Those of you who hang out with me in real life know I’ve spent the last three months near-drowning in an exciting but quixotic website development project for a non-profit organization that I consider one of the most influential centers of activity on the international literary scene right now. I’m talking about Words Without Borders, and I’m happy to announce that our new totally revamped website is alive.
Our technical goal with this redesign was to enable a smoother content flow and to help readers dig deeper into the site’s considerable archives of modern and classic international literature. I’m really proud of the site we built, not only as a person who cares about world lit but also as a software developer, because it’s probably the most ambitious content delivery application I’ve ever developed.
I make a living building content delivery and search systems, and I’ve worked on some ambitious arts-related projects, including Bob Dylan’s lyric search engine and Pearl Jam’s complete and highly detailed concert chronology. But I’ve never done anything on the scale of the new Words Without Borders system, which cross-references stories, poems, essays, plays and other literary texts from every region of the world by numerous categories including time period, language, country, topic and physical environment. The new site layout also features context-aware tag clouds on every page (that is, unlike most site-wide tag clouds, these clouds change from page to page to represent the context of each specific page).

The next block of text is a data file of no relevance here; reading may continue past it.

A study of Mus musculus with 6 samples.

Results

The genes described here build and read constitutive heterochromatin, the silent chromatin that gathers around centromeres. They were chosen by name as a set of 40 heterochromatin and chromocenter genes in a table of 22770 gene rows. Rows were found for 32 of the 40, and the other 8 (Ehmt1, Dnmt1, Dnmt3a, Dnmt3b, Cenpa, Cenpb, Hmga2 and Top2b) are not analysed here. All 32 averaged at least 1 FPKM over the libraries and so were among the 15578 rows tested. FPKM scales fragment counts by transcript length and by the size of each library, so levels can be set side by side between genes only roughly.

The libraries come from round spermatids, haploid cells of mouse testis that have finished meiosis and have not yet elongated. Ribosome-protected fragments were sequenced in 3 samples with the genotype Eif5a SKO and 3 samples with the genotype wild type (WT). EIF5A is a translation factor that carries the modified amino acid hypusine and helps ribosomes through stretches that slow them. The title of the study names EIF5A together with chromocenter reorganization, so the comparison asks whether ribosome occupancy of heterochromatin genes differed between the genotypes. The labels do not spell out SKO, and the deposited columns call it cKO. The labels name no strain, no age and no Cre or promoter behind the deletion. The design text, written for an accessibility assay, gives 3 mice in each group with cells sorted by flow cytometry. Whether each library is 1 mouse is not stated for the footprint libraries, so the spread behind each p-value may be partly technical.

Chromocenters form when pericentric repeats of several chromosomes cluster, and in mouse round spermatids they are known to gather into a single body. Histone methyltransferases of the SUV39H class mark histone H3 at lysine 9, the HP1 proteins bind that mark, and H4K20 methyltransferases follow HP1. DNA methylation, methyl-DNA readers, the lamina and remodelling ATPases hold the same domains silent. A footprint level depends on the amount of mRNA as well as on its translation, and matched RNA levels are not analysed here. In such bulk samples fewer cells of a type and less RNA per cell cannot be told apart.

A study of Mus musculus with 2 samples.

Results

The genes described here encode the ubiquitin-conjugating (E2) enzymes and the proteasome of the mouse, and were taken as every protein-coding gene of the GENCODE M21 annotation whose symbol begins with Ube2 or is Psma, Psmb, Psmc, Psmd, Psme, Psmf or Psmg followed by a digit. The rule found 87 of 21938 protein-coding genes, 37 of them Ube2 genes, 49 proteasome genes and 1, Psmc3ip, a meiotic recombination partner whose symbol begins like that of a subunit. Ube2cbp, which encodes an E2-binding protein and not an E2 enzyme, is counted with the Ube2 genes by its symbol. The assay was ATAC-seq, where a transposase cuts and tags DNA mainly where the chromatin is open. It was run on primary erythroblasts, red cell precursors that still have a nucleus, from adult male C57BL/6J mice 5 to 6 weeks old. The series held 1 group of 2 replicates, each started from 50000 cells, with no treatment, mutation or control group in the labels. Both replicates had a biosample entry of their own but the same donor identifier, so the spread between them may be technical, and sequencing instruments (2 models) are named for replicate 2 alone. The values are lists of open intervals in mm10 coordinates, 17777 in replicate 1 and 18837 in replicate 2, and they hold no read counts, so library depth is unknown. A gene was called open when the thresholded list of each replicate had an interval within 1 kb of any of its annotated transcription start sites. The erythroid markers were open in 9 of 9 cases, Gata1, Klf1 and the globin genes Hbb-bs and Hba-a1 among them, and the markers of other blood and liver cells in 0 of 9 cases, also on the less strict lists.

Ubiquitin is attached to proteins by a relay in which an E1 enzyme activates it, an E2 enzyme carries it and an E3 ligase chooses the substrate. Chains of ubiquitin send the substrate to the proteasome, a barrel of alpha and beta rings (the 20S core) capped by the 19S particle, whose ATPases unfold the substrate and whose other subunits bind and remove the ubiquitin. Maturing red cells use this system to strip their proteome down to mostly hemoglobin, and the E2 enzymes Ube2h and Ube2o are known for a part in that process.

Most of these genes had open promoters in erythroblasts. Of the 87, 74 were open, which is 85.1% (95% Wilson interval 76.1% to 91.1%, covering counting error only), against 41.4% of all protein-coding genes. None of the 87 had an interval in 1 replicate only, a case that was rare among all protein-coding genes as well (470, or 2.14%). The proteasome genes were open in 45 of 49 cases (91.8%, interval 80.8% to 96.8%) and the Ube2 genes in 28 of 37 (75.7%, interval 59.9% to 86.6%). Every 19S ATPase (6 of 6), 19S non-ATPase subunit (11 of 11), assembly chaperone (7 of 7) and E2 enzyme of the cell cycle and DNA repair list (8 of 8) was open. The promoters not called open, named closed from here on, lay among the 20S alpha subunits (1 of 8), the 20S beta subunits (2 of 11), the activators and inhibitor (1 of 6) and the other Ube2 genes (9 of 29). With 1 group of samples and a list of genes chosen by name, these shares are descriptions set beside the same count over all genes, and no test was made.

If it sounds like I’m bragging about my software — well, I am. But software is hardly the point of this site, so I also want to point to the great work of Dedi Felman, Susan Harris, Alane Mason, Samantha Schnee, Caryn Dubelko, Dina Pearlman, Darrian Rodgers, Blake Radcliffe and Jeff Gregory, who have all been a pleasure to work with. I also want to say that I really hope the new site gets through its first week without crashing, and the odds are 50-50 at best (okay, 90-10).
(Note to anyone who reads the thanks message on the current WWB front page: yes, that programmer extraordinaire is me, going by my other name (which reveals me to be the love child of Marc Chagall and Gertrude Stein), as I generally do when I am employed as a techie. Long story, not even worth hearing. Just browse and read through some of the writings on this site, and get a wider view of the world we live in than you had yesterday).